November 28, 2013 in Idaho

Musician, 99, named Idaho’s senior volunteer of the year

By The Spokesman-Review
 
Kathy Plonka photoBuy this photo

“She’s just terrific,” said Pat McKay, right, of Osburn, about Idaho’s senior volunteer of the year, 99-year-old Catherine Owen, after Bible study at Silver Wood Good Samaritan Center in Silverton, Idaho, on Tuesday.
(Full-size photo)

SILVERTON, Idaho – Melodies from classic hymns waft through the lobby of the Silver Wood Good Samaritan Center on Tuesday evenings, switching to the livelier beat of dance hall music on Thursday afternoon.

On organ and piano, Catherine Owen’s nimble fingers keep residents of the Silver Valley care center connected to music.

The 99-year-old musician spends several hours each week playing at the care center near her home. She was recently honored as Idaho’s senior volunteer of the year.

“Generally, they’re glad to see me,” Owen said of the residents. “They don’t all sing, but they all listen.”

Owen plays jazz and ballroom tunes that residents might have fox-trotted or waltzed to when they were young, American folk songs, hymns and spirituals.

She’s attuned to the residents’ favorites, because those were the songs of her generation, too.

“I’ll try anything short of the 1960s,” Owen said of her repertoire, though she makes an exception for “I Left My Heart in San Francisco,” recorded in 1962 by Tony Bennett.

Owen is an inspiration in North Idaho’s volunteer community, said Bob Small, director of the Retired Senior Volunteer Program, who nominated her for the state award.

“She’s got the enthusiasm, compassion and caring that you don’t see very often,” Small said. “She said you’re never too old and never too young to volunteer.”

Owen laughs when she’s reminded of that comment. “I’m the example,” said the petite, cane-wielding woman, who will turn 100 in March.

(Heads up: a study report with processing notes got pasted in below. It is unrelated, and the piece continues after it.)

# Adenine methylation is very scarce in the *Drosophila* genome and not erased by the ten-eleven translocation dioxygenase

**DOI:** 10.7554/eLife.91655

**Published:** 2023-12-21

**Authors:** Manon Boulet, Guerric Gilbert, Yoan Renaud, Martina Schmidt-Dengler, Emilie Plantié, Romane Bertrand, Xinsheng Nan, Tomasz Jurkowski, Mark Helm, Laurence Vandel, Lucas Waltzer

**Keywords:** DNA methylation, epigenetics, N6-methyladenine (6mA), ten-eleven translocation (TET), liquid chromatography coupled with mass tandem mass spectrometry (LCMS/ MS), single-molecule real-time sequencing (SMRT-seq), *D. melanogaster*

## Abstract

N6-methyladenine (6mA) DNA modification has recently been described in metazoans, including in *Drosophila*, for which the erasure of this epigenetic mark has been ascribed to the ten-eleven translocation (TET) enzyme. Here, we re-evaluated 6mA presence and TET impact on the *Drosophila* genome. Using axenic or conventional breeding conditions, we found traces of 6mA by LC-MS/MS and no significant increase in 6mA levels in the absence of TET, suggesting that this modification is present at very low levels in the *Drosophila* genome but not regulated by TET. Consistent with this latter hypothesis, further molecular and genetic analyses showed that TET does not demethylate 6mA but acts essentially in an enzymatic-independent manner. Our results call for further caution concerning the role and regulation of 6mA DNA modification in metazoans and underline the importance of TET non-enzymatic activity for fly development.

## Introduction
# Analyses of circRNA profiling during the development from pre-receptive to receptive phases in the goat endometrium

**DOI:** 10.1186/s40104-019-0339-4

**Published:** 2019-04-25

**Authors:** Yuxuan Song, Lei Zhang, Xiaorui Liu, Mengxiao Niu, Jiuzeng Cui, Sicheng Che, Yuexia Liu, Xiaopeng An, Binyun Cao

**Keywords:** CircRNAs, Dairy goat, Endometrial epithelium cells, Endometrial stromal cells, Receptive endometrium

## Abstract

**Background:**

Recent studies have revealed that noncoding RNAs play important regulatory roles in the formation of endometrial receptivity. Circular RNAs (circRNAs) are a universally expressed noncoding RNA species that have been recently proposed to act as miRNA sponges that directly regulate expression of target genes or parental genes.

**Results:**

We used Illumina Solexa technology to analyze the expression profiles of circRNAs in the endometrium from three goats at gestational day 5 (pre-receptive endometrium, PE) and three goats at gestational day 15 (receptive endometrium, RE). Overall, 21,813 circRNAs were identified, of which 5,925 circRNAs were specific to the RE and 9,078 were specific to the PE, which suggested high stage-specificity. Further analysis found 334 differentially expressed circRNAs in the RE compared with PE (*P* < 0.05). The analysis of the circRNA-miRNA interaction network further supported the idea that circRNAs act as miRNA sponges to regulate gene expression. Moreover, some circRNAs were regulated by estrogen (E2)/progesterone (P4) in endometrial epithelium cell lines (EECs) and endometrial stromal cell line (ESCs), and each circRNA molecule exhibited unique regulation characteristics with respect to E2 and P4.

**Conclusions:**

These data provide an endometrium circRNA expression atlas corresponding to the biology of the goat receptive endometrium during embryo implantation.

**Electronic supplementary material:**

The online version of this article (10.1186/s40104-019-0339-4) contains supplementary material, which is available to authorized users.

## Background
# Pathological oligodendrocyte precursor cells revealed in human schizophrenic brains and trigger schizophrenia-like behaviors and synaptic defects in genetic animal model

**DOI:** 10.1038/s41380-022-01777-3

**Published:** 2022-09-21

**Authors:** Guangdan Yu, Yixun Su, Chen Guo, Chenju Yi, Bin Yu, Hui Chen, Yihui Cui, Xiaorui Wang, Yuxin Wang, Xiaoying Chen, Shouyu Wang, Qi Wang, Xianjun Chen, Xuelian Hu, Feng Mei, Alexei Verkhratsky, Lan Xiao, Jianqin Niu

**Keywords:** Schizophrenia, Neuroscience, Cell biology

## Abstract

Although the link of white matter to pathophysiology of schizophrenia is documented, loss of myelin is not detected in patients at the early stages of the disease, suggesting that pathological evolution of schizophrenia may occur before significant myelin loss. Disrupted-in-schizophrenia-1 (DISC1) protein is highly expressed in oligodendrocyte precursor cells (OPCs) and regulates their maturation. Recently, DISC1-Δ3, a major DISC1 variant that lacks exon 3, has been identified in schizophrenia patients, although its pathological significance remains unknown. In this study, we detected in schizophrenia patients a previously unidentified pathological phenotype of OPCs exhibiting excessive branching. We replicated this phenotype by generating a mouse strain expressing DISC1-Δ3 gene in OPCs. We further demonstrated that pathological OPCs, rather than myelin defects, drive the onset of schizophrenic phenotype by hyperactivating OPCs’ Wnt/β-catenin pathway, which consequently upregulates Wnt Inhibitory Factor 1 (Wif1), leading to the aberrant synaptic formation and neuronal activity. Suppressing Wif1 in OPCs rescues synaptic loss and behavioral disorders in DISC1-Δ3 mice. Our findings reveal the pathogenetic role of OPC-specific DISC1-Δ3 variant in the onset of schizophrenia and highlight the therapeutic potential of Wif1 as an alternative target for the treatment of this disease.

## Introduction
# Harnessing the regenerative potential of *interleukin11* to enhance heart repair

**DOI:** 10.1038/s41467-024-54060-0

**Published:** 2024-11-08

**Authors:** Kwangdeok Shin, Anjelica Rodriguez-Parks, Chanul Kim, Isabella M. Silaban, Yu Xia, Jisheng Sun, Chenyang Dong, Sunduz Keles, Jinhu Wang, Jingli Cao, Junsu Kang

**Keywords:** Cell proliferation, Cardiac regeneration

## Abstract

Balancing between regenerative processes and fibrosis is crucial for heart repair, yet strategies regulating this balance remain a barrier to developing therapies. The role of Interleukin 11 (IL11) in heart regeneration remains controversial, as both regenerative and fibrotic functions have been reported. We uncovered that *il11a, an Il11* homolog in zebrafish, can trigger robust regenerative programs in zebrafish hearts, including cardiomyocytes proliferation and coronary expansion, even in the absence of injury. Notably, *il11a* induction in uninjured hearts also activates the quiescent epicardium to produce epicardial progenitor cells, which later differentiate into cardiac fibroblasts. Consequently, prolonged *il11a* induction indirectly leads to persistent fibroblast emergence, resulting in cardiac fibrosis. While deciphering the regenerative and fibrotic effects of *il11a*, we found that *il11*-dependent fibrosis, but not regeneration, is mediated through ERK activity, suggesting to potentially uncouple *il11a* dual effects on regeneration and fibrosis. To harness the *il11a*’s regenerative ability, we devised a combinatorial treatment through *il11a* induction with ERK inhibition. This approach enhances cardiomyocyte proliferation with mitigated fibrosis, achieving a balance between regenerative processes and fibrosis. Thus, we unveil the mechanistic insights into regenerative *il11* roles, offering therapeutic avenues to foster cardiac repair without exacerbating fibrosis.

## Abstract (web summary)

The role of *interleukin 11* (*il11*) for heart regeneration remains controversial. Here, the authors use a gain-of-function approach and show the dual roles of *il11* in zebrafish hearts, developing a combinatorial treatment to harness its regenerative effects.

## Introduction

In the small town of Silverton where she lives, Owen is known for her homemade cookies and eyewitness accounts of major events of the 20th century.

She survived the Spanish flu pandemic of 1918-19 and worked three jobs during the Great Depression, including writing newspaper articles for 10 cents per column inch.

During World War II, her late husband, Dick, sharpened the drill bits for Silver Valley mines, which played a key role in supplying minerals for the war effort.

Though the couple didn’t have children, Owen spent 40 years running after-school programs for local kids.

She started volunteering at Silver Wood Good Samaritan Center in the 1980s, when her sister was a resident there. Playing for residents was natural.

Music has been a pivotal part of Owen’s life since her 9th birthday, when a piano ordered by her mother arrived in the small mining camp where her family lived.

The three-quarter grand piano was shipped by rail from Sandpoint to Cabinet, Mont. It crossed the Clark Fork River by ferry, after being loaded onto a wagon.

Owen and her older sister took piano lessons. Her older sister learned how to read music, but the fidgety Owen quickly realized that she could memorize the melodies and play by ear.

She became the backup pianist for her mother, who played for dances at the local community hall.

Though Owen later learned how to read music, she’s mostly a self-taught musician.

Her ability to play dozens of songs by heart is a bonus during the request time at the care center sing-alongs, because she’s not shuffling through stacks of music.

Owen credits her volunteer work for her longevity.

Even at 99, she has a sincere desire to help and encourage others, said Small, the volunteer coordinator.

“She told me that if people would think about the needs of others instead of their own wants, our country, society and world would be a much better place.”